LONDON, March 9 The growing trade in currency
forwards acted as a useful "adjustment valve" for emerging
markets in the past year by allowing investors to hedge exposure
to the asset class, a BIS report said on Sunday.
Emerging markets have been buffeted repeatedly since the
U.S. Federal Reserve announced last May that it would start
cutting the monthly bond-buying that had financed an investor
spending spree on higher-yielding emerging assets.
But the turbulence may have been worse without the ability
to hedge currency exposure via forward markets, the Bank for
International Settlements said in its quarterly review.
"Surprisingly, when seemingly impending 'tapering' ... led
investors to reduce their exposures to emerging market bonds,
some markets experienced little net selling. Instead, investors
sold local currencies in well-functioning forward currency
markets, including NDFs," BIS said.
It was referring to non-deliverable forwards, derivatives
that allow investors to take positions in currencies where trade
is subject to official controls. An NDF deal is a contract for
the difference between an exchange rate agreed months before and
the actual spot rate when the trade matures.
The forwards served as "the 'main adjustment valve, allowing
investors to hedge the currency risk in their bond holdings,"
the BIS added.
Turnover in the emerging currency derivatives, including
NDFs, increased by 40 percent in the past three years until
2013, the BIS said last year, attributing this to investors
seeking to cut exchange rate risk.
NDF turnover doubled between 2008-2013 to 2.4 percent of
overall currency trade, the BIS said, and 23 percent of the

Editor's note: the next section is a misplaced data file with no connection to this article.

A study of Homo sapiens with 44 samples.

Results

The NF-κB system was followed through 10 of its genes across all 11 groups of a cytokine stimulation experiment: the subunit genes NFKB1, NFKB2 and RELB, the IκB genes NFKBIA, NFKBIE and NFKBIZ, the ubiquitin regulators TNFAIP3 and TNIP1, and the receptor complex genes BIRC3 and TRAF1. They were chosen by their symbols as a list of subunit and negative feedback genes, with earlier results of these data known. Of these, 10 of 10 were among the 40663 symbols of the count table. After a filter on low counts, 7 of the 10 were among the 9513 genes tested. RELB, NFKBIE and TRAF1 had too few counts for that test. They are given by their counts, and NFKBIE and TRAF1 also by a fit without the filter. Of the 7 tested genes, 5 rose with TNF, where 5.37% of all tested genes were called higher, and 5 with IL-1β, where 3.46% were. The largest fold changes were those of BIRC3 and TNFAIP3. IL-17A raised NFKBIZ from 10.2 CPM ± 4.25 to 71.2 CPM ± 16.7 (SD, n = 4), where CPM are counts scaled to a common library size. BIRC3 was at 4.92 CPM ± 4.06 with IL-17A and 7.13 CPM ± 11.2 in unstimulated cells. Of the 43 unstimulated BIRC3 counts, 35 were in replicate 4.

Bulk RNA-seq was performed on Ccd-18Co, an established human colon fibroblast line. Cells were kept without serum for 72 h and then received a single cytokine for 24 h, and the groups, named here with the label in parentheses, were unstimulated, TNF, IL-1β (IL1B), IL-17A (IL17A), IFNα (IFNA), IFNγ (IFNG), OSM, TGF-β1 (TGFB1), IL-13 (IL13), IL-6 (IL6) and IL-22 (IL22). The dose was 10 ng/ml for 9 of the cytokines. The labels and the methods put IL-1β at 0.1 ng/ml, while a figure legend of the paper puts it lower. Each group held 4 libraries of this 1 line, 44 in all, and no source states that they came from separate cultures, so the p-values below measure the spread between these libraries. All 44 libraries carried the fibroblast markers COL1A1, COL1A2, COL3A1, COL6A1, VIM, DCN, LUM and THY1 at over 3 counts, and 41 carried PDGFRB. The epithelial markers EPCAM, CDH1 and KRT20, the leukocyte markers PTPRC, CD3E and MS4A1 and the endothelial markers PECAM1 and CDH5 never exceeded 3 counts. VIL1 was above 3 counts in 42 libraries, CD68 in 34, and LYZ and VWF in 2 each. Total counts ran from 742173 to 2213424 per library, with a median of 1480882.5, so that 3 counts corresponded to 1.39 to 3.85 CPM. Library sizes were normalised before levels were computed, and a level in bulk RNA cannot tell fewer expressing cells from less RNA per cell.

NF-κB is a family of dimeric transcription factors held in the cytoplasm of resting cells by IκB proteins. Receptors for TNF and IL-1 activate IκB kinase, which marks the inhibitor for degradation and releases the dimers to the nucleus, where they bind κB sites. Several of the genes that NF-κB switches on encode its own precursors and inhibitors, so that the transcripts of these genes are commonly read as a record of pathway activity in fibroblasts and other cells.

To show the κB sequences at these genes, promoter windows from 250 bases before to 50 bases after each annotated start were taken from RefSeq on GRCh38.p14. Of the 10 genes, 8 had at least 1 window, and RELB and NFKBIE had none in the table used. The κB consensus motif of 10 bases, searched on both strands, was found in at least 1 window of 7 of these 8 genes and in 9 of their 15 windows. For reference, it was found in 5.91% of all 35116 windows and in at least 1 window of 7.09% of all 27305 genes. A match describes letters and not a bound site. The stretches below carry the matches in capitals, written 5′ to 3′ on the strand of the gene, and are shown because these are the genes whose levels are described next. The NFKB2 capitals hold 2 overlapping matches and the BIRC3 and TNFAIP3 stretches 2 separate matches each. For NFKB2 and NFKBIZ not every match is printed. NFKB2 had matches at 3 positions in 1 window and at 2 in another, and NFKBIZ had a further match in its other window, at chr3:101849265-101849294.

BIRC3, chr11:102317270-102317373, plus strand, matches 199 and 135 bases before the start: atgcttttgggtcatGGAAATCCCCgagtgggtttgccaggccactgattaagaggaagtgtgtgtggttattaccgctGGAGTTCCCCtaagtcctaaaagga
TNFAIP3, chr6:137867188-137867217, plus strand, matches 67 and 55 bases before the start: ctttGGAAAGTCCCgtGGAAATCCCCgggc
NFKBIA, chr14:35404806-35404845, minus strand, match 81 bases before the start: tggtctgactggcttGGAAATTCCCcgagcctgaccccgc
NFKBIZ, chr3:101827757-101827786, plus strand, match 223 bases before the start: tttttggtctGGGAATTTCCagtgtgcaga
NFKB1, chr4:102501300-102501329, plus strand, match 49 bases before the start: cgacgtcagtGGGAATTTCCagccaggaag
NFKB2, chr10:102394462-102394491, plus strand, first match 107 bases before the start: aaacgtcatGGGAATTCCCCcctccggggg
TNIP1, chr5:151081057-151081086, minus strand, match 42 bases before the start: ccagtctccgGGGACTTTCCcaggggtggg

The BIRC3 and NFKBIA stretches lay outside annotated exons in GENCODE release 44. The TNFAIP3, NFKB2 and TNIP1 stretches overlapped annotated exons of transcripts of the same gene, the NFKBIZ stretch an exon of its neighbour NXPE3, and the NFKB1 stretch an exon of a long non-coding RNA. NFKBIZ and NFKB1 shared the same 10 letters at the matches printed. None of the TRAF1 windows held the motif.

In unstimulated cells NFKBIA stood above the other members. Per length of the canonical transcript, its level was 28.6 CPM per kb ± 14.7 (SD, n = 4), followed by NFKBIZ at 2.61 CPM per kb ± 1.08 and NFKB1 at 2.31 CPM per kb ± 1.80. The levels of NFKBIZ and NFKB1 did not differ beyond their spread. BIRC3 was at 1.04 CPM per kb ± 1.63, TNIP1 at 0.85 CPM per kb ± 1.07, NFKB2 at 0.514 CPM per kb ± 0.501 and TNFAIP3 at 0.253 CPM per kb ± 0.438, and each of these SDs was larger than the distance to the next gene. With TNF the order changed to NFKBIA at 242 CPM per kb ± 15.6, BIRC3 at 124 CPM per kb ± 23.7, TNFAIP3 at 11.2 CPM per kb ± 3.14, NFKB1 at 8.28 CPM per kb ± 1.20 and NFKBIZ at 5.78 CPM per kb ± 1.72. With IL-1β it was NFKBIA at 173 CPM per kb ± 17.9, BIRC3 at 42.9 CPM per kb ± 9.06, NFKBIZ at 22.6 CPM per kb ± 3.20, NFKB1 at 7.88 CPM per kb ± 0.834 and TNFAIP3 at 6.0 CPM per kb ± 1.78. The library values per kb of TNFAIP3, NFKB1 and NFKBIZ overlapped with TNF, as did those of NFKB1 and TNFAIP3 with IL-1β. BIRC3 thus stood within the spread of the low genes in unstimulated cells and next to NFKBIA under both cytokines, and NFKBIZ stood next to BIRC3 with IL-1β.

trade in forwards. It estimated that turnover in Asian NDFs was
10 times what it had been in the early 2000s.
Daily NDF turnover in London currency trade amounted to $43
billion, compared with $19 billion in October 2008, the report
said, though it contracted from April 2013 levels. BIS
attributed this partly to U.S. regulatory changes aimed at
making derivatives trading more transparent.
Indications are the selloff in emerging market currencies is
giving this market a fresh impetus.
"Since April 2013, NDF trading has been affected by
investors' and borrowers' hedging in anticipation of a reduction
in global monetary easing," BIS said, adding that hedging had
been driven by foreigners invested in emerging markets and
emerging market companies that had borrowed overseas in hard
However, growth in NDF popularity is not uniform. BIS
highlighted the Chinese yuan where Beijing has permitted a
limited offshore trade in the currency.
As a result, between April 2010-2013 offshore yuan
deliverable forwards rose from zero to $7 billion per day, while
NDFs rose by less to $17 billion per day.
Since April 2013, the offshore yuan may have closed in
further on the NDF market, BIS said, noting that the share of
yuan NDFs in the total yuan forwards market fell to 75 percent
from 85 percent between April and October 2013.